Organization of American States says it will ‘consider’ situation in Peru upon request from president Pedro Castillo.
The Organization of American States (OAS) is set to meet in Washington, DC, to “consider” the political situation in Peru, a week after the country’s president accused officials investigating him of a “coup d’etat”.
Pedro Castillo announced late on Wednesday that he had sought the regional body’s help to foster a national dialogue in a bid to prevent “a serious alteration of the democratic order in Peru”.
Addressing the nation live on television, the left-wing president said he had asked the 35-member OAS to invoke its “democratic charter”, which sets out the body’s mission “to promote and consolidate representative democracy”.
In a statement, the OAS said that a “special meeting” on Peru would be held in the US capital at 18:30 GMT on Thursday, and would include a presentation by foreign minister Cesar Landa, the fifth to hold the post since Castillo took over in July of last year.
Castillo’s request relied specifically on Article 17 of the regional organisation’s charter, which allows a member state to request assistance “for the strengthening and preservation of its democratic system” if it fears it to be at risk.
The Peruvian government told the OAS in a letter last week that it wanted to “preserve democratic institutionality and the legitimate exercise of power”.
Castillo’s appeal followed a decision by Peru’s attorney general to file a constitutional complaint against him.
The president, who won a hard-fought 2021 election, faces an unprecedented six investigations by the prosecutor’s office, including for influence peddling, obstruction of justice, and directing a criminal organisation.
The attorney general has said that investigators had found “very serious indications of a criminal organisation that has taken root in the government”.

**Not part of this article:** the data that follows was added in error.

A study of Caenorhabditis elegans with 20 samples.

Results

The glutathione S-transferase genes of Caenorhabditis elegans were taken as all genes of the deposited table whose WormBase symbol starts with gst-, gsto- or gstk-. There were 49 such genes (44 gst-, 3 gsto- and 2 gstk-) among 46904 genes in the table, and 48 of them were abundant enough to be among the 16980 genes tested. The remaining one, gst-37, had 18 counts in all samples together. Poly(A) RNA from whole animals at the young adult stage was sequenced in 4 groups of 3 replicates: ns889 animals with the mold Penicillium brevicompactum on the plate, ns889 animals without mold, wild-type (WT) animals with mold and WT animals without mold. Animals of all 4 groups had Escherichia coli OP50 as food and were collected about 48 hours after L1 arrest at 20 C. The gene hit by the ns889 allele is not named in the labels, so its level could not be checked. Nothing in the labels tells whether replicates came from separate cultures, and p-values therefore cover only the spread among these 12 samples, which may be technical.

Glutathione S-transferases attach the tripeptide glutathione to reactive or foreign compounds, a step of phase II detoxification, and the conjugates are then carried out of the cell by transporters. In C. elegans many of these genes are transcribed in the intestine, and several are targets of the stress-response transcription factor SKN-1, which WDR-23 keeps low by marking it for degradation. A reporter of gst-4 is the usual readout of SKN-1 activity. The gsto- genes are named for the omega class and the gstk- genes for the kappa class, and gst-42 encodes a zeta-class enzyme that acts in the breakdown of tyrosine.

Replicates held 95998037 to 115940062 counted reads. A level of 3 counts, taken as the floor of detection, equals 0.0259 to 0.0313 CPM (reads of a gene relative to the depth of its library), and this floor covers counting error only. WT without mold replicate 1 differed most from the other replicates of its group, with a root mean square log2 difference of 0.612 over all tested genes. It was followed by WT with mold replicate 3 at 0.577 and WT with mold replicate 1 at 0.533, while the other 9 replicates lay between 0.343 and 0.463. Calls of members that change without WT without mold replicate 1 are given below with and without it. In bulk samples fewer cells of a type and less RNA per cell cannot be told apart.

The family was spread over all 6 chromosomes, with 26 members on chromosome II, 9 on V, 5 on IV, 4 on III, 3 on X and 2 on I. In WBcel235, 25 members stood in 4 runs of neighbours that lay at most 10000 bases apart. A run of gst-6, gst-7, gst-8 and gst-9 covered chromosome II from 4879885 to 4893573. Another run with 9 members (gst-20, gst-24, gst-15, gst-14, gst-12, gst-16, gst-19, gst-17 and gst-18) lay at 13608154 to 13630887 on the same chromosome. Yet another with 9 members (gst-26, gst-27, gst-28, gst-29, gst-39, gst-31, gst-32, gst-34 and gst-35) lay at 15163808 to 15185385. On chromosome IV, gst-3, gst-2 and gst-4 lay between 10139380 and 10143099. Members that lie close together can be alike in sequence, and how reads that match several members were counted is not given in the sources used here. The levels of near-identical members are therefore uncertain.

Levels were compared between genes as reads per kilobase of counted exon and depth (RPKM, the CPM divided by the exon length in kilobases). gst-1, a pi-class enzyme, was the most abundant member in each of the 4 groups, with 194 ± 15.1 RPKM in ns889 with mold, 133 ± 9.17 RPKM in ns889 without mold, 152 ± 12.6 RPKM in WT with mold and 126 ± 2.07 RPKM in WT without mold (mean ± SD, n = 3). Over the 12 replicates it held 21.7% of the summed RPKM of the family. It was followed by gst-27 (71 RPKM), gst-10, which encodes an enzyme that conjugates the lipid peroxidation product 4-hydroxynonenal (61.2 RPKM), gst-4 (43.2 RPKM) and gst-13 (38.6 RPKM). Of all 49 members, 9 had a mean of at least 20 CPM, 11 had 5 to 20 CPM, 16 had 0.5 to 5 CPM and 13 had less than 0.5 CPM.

Castillo has denied any wrongdoing, instead telling reporters last week that the effort was an attempted “coup d’etat” orchestrated by both the attorney general and opposition-controlled Congress.
The attorney general’s action, the first against a sitting president, must be examined by parliament and could lead to Castillo’s suspension from office. Fewer votes are required for a suspension than for an impeachment.
Political instability is not uncommon in Peru, which had three different presidents in five days in 2020, and five presidents and three legislatures since 2016.
Castillo, a former rural teacher whose victory took power away from Peru’s traditional political elite, has already survived two impeachment attempts since he took office last year.
In recent months, police have raided the presidential palace in the capital, Lima, where Castillo resides, as well as his private home in rural Peru in search of evidence to back up the corruption claims.
On Wednesday, Castillo accused “the money sectors, the traditional politicians who have always thrived on corruption” of being behind the “coup” attempt against him.
“I am not corrupt,” he wrote on Twitter.